This past Sunday the minister and many members of our congregation wore flame-red shirts or dresses. The banners and hangings at the front of the church were also red. This helped make the service feel like a party, a banquet and a fiesta. The celebration was part of the Sunday service beginning the season of Pentecost celebrating the giving of God’s Spirit to everyone and everything.
In the service, the Divine Spirit is represented by a large white Pentecost candle which is lit and then used to ignite a smaller slender white candle which begins the chain of light that moves, received and passed on, until we are a sea of light as we sit in our accustomed places in the congregation.
It is a brilliant time which marks God’s invitation to the congregation and the whole world to participate in God’s creative work. Pentecost is my favorite Sunday service in the church year. It is illuminating and full of promise as well as purpose. Sometimes there is cake in the church hall after the service. Cake is messy to serve and to eat and can remind us that sharing the community’s transforming spiritual gifts can be messy too.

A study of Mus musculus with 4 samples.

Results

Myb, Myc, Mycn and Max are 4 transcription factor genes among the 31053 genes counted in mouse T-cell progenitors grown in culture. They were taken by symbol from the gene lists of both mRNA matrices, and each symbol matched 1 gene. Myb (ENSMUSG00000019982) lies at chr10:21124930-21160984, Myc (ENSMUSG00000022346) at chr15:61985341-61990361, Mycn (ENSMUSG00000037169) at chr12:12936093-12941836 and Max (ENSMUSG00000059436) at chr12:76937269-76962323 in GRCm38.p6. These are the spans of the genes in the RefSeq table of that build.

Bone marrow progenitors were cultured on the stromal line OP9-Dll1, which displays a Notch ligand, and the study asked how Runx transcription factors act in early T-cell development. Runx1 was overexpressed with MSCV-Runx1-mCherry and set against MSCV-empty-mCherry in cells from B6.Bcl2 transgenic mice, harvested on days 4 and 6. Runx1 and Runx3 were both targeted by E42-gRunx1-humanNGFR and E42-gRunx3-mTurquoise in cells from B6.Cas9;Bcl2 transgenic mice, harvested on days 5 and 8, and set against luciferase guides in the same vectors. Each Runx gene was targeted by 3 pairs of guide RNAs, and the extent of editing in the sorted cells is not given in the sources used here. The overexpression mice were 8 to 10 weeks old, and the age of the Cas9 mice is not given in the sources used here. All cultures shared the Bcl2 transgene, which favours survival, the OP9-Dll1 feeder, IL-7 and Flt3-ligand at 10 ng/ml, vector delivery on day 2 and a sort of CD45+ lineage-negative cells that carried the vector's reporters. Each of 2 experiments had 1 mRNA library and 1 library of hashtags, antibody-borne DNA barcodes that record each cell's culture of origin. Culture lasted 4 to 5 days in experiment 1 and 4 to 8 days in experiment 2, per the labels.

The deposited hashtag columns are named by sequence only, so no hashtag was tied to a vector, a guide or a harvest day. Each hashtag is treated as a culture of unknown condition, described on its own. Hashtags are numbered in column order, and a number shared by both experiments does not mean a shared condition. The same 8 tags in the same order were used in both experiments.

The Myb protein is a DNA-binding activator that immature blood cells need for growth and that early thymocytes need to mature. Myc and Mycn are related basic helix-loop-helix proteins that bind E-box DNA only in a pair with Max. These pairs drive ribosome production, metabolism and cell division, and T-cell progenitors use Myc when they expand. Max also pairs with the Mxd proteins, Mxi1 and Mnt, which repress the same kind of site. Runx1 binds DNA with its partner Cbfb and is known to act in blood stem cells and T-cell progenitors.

The photo at the top of this blog entry is of a painting on cotton by an artist who was born in Djeddah, Saudi Arabia in 1991. Its title is: ‘How do the stars touch me? How do I touch the stars?’ Its date is 2023. The artist, Cecila Granara, grew up in Mexico, Rome and Chicago. She studied in London, Paris and New York. Celia speaks of her art as ‘poetry and symbolic iconography.’ She makes no mention of Pentecost or anything like that in what I have read.
For me, the flames touching the stars point towards something beyond words which is unspeakably wonderful.
My husband and I were recently in the South of France when we saw Cecilia’s piece at ‘Chateau La Coste,’ in an exhibition called, ‘Art and Architecture.’ It was a twenty five minute taxi ride from where we were staying in Aix en Provence.
I give thanks. Happy Season of Pentecost!